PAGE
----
White Powdery Mildew On Cannabis Plants

White spots on your leaves? Leaves dusted with round patches of powder that looks like flour?

It could be White Powdery Mildew, also known as White Powdery Mold or just “WPM” to cannabis growers.

WPM is usually a minor annoyance that’s easily fixed, but if you don’t catch it early, white powdery mold can turn into a relative catastrophe that ruins an entire marijuana harvest!

What Is White Powdery Mildew?

White Powdery Mildew is a rapidly reproducing (both sexually AND asexually) fungus who only knows how to do two things:

  • Eat your plants
  • Make more White Powdery Mildew

Fortunately, White Powdery Mildew is easy to spot since the white patches of fungal growth it creates stand out against cannabis’ green leaves.

It can be removed from plants with proper treatment if spotted early on, but any buds with WPM should be discarded as they most likely contain many more spores than your eye can see.

What causes White Powdery Mildew?

  • High Humidity

WPM needs moisture to thrive, but that doesn’t necessarily mean it needs water. Having a grow area with high humidity is all WPM needs to grow. This seems to be a bit problematic since young cannabis plants grow best in relatively humid environments (40% -60% RH). Luckily, high humidity usually only becomes an issue when it’s combined with the next cause (low/no airflow).

People who live in environments with extremely high humidity (such as Florida and the UK) can purchase a dehumidifier to control humidity in the grow area. This is especially important during the flowering phase when humidity needs to be much lower (45% rh) to prevent rampant growth of WPMand bud mold.

  • Low/No Airflow

White Powdery Mildew has a hard time settling in a grow room where the air is being moved. High humidity will give WPM the conditions it needs to survive, but poor airflow is what gives it the ability to settle down in the first place. In fact, a small (preferably oscillating) fan moving air in a grow area will prevent the vast majority of White Powdery Mildew woes.

  • Poor Ventilation

If you have WPM spores in your grow area and the air in grow area is never exchanged for fresh air, the spores get multiple chances to land on your plants and reproduce. This happens most often in conditions where cannabis is being grown in a closed, unventilated space – such as a closet – and precautions aren’t taken to exchange old stale air for new fresh air.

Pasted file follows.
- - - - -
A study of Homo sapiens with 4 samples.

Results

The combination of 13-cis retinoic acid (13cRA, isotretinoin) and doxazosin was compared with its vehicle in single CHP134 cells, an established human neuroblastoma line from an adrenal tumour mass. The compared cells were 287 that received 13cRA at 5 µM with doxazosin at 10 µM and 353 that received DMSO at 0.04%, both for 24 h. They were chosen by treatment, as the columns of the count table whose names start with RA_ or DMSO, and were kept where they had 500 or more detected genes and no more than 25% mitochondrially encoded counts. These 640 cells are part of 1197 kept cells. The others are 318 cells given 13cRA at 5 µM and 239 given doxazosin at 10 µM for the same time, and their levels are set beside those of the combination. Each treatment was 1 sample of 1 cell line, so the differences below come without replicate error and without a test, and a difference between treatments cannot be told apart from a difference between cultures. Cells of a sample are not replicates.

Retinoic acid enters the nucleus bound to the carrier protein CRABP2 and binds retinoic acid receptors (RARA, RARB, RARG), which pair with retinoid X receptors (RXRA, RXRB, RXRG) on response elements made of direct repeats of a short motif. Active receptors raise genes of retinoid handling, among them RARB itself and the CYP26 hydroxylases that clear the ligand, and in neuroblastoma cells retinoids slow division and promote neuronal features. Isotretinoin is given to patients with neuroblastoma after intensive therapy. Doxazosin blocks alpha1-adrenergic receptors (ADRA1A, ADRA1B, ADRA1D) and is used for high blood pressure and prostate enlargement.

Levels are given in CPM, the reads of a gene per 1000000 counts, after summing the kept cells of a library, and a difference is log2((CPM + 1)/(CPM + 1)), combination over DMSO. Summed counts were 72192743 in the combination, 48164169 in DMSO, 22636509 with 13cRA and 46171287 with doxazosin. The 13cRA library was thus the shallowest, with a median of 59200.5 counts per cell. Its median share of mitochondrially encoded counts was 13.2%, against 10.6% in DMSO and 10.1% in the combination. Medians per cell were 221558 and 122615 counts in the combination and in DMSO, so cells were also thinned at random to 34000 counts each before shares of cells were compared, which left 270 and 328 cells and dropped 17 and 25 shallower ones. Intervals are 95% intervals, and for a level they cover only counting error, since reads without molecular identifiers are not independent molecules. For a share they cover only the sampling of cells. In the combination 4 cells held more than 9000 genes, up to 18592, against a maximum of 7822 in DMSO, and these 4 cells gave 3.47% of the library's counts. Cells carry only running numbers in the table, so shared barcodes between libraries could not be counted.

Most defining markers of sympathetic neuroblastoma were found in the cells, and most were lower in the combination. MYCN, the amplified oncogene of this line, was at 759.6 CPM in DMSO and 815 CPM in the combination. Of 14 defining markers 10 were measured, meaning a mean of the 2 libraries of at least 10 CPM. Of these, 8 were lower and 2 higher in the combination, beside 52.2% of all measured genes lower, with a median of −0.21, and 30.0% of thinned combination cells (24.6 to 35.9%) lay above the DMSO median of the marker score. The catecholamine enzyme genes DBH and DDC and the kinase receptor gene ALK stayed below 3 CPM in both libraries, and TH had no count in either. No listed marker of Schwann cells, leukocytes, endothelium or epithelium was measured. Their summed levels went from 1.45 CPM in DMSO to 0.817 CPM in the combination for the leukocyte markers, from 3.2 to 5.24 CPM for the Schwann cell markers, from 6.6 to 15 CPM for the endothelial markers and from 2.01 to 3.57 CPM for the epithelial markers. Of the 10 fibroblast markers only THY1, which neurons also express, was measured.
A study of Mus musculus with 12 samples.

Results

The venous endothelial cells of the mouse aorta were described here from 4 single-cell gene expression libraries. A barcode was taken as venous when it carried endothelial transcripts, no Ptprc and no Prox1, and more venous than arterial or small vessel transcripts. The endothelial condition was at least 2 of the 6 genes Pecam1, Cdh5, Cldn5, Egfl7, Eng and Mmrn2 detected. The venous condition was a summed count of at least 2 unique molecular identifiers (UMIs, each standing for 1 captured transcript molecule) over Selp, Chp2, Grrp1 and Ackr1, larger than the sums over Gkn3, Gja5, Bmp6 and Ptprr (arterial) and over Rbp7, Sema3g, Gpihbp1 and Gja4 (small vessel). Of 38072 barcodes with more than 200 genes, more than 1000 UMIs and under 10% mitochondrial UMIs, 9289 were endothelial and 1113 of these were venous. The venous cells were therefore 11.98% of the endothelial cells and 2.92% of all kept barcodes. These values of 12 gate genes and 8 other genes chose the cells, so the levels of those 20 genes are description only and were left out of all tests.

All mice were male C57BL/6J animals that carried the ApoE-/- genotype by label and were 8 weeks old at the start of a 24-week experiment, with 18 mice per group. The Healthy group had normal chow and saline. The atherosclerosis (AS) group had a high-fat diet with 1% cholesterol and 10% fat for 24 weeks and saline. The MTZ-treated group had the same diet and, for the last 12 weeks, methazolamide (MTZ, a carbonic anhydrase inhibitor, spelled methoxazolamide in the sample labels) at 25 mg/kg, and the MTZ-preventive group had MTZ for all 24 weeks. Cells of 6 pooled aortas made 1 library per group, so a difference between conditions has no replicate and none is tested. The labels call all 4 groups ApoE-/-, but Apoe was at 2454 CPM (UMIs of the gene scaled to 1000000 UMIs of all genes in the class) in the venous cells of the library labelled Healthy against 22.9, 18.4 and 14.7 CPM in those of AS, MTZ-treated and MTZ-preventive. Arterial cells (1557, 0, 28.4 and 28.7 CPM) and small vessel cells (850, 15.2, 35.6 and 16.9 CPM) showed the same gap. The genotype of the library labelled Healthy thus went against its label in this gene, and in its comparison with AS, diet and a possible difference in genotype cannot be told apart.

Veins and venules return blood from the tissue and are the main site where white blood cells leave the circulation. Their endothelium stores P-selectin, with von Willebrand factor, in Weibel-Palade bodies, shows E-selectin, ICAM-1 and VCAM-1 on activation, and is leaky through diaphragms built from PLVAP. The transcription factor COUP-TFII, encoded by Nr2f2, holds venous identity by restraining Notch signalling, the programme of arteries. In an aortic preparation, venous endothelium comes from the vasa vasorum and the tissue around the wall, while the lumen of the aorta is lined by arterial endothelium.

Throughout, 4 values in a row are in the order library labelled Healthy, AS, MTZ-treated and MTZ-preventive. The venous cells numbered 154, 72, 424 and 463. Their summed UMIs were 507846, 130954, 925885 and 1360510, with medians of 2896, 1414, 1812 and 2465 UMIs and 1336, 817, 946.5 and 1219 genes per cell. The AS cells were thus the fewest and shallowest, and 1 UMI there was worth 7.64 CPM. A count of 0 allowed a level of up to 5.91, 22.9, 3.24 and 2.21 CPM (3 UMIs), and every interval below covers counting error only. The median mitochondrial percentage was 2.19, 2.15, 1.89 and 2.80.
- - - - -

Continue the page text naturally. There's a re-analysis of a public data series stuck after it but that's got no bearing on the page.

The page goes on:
Leaf-Leaf Contact 

that are touching each other will form moisture between them, and thus they become more likely to contract WPM. Untrained bushy/leafy plants with lots of new vegetative growth are especially prone since plants will often have leaves mashed up against each other as they try to reach the light.

Advanced growers can defoliate some of the fan leaves that are completely shaded from the grow light to make fewer choice landing spots for White Powdery Mildew. Also, defoliation frees up energy for the plant to use when done correctly and increases yields! See our article on defoliation for more info.

How to Eliminate White Powdery Mildew

In most cases when WPM is caught early, you can remove all traces of the mildew without harming your plants.

There are quite a few products and homemade concoctions people use to treat WPM. Among the effective treatments are:

  • Milk (1:9 ratio of milk to water)
  • Baking soda (2 tablespoons per gallon of water)
  • Neem Oil (4 teaspoons per gallon of water)
  • Hydrogen Peroxide (1 teaspoon per gallon of 35% H202)
  • SM-90 (1:5 ratio of SM-90 to water)

Remove White Powdery Mildew from leaves – Get some water (tap water works fine) and some paper towels. Wet the paper towels and use them to gently wipe the mildew off the affected leaves whilst being careful not to jostle any leaves with spores on them. Using a wet cloth will ensure that more spores stick to the cloth instead of becoming airborne. Note: While it isn’t necessary to use paper towels, their disposability helps to curb the spread of spores from one leaf to another.

Ensure plants have proper airflow and ventilation – Even if you have absolutely no airflow or ventilation in your grow room, having even two fans will drastically reduce your chances of encountering WPM while also benefitting your plants overall health. One fan should be oscillating if possible and should gently blow air over your plants. All the plants need is enough air to gently rustle their leaves. The second fan should be in your grow room pointing outward, pulling heat away from your plants (only needed if you have no ventilation). Having a fan pointing out of your grow room will force old air out of the room, and in turn, pull new air into the room. At this point, you’ll have new air coming in, being used and circulated, then kicked out. Keep in mind that two fans is a minimum.

Treat plant with SM90 to kill spores prevent future growth – Mix 1 part SM90 to 5 parts water in a cleansprayer/mister. Wait until just before your lights for off for the day and mist your (newly cleaned) plants. Get all the leaves! This diluted SM90 mixed will kill any spores it touches, and anywhere it lands becomes uninhabitable for future spores. Plus, it’s safe to use – even during flowering – and it smells awesome.

There you have it. If you end up running into White Powdery Mildew, give this advice a shot and you won’t have to deal with it past that first day. If you do end up using these steps, feel free to let us know if it helped you or not, or how you did it differently. When growers know just a little bit about this disease, it doesn’t have a chance!